Viva Irlanda! Exploring the Irish in Argentina


They commemorated Admiral William Brown in the sun at Recoleta cemetery in Buenos Aires the other day.

In the tree lined passageway between the marbled mausoleums for the once rich and famous,  the Argentinean naval band played "Saint Patrick's Day in the Morning" in their annual tribute to the national hero, who is credited with routing the Spanish fleet in the Argentinean  war of independence in 1814.

Quite how a poor cabin boy from Foxford, who first learned to row a boat on Lough Conn in Mayo, achieved naval victories to rank alongside those of Raleigh or Nelson and rose to be the father of the Argentina navy is a fascinating story perhaps not yet fully told.

Yet it is a monumental example of the enduring success of the members of the Irish Diaspora. Brown's impressive green memorial occupies a prominent place in the central plaza of the cemetery (unlike that of the populist heroine Eva Peron which is consigned to a back-alley).

Together with the more than one thousand streets in Argentina named in his honor, it is an acknowledgment of the special place that Argentinean people hold for him and other Irishmen.

The links with Ireland are lasting and still vibrant today .

"There are perhaps only two hundred or so first-generation Irish living today in Argentina," said James McIntyre, the Irish ambassador to Argentina, "but over half a million Argentinean nationals can trace  their ancestors back to Ireland and that is a hugely significant number in a non-English speaking population of just over 40 million."
The main wave of Irish immigrants,  arrived in Argentina from the early to mid-nineteenth century . In all a total of about fifty thousand emigrants arrived from Ireland between 1830-1930.

A majority  of these came  from the midlands of Westmeath and Longford and from Wexford . They undertook the long journey to  a mostly unknown and faraway land because they had heard about the opportunities in farming and the low land prices. ‘They worked hard and bought wisely’ said McIntyre. ‘A lot of them became ranchers  in the vast fertile Pampas  around Buenos Aires."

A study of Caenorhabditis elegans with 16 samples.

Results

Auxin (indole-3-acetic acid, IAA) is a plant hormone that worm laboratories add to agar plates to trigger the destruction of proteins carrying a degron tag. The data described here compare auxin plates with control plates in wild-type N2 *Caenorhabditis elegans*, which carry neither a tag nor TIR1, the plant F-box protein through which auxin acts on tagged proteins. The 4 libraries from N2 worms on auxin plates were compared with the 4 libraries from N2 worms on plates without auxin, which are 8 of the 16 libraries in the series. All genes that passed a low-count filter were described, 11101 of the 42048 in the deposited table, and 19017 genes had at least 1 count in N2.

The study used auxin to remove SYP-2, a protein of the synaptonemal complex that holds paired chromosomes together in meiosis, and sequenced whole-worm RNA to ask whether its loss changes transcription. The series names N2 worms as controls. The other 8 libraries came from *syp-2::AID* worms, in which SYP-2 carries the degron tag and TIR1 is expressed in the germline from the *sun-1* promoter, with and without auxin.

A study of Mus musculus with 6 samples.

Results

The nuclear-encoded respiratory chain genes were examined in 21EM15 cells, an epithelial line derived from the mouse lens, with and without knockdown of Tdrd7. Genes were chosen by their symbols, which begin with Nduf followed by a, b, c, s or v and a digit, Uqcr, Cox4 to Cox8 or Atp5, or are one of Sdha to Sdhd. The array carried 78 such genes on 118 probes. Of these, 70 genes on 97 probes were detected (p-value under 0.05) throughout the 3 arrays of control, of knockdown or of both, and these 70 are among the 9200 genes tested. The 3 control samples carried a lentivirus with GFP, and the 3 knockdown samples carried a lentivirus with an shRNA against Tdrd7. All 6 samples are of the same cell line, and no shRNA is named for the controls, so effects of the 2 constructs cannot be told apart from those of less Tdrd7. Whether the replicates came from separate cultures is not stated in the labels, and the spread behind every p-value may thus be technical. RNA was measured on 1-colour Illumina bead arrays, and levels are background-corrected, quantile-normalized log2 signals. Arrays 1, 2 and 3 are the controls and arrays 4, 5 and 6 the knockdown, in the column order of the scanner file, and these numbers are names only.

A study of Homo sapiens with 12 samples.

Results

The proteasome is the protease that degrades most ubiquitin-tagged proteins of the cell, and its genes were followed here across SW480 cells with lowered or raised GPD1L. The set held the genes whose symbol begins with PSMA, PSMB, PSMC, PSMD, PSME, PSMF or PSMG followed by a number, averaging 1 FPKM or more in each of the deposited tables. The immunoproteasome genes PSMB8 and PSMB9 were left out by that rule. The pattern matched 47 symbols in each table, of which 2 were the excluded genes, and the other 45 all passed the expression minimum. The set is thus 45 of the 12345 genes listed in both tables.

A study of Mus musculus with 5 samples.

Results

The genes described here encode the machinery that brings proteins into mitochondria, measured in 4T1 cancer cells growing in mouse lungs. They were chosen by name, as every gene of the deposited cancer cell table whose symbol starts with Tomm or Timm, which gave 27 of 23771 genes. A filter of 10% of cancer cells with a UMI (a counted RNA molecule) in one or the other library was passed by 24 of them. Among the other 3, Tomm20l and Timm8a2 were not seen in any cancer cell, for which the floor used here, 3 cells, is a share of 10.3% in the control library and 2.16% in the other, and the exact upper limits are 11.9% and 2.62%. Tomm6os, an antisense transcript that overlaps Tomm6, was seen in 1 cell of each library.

It is said that in those days the Irish-owned land as vast as Ireland itself and that you could travel 200 miles without leaving an Irish-owned ranch. Some Irish ranchers became so powerful that they had towns named after them.

Unlike their fellow emigrants who went to North America around the time of the famine, the Argentinean-bound contingents were in the large part personally unaffected by the ravages of that disastrous time for Ireland  but even so, coming from a  poor country which was struggling against a centuries old oppressor and the tyranny of religious intolerance  they must have been astounded by what was on offer.

Argentina is the eight largest country in the world, it is four times the size of France and  for the new emigrants it was wide, open and beautiful . The country was booming, it was one of the ten richest on  earth and the new Irish immigrants did well.

As another famous Irish emigrant Fr. Anthony Fahy from Loughrea in Galway, who is equally memorialized in Recoleta cemetery for his work as a chaplain with the Irish communities, wrote at the time

"Would to God that Irish emigrants would come to this country, instead of going to the United States. Here they would feel at home, they would have plenty employment and experience a sympathy from the natives very different from what now drives too many of them from the States back to Ireland. There is not a finer country in the world for a poor man to come to."

While most of the Irish remained in rural occupations in the north of Argentina, some of them ventured  further south to work on the vast sheep  farms in Patagonia. They profited from a special arrangement known as ‘halves’ whereby the owner of the farm would entrust say, 2000 to 3000 head of sheep to an Irish shepherd who was expected to cover all the expenses of looking after the sheep. If at the end of the period, the flock had multiplied say four or five times, then this number was divided between the owner and the shepherd.

These Irish shepherds settled in the area and became owners in their own right. In the country, the new immigrants  had to fight against the native ‘Indians’ and overcome  climatic conditions very different to rural Ireland.

It is hardly likely however that they came across the original famed giants that Magellan, the Portuguese maritime explorer who, at the service of Spain led the first successful attempt at world circumnavigation, encountered in 1520. He was so impressed with their size that he supposedly named the whole region from the word  "patagon" meaning "land of big feet."

And it is when you see the wide open spaces of Patagonia, an area of over four hundred thousand square miles almost bereft of vegetation , which in Argentina stretches from the Andes mountains to the wild Atlantic coast  and down to the ‘ends of the earth’ in Tierra del Fuego, you begin to realize how challenging and dangerous the new life was for these Irish emigrants.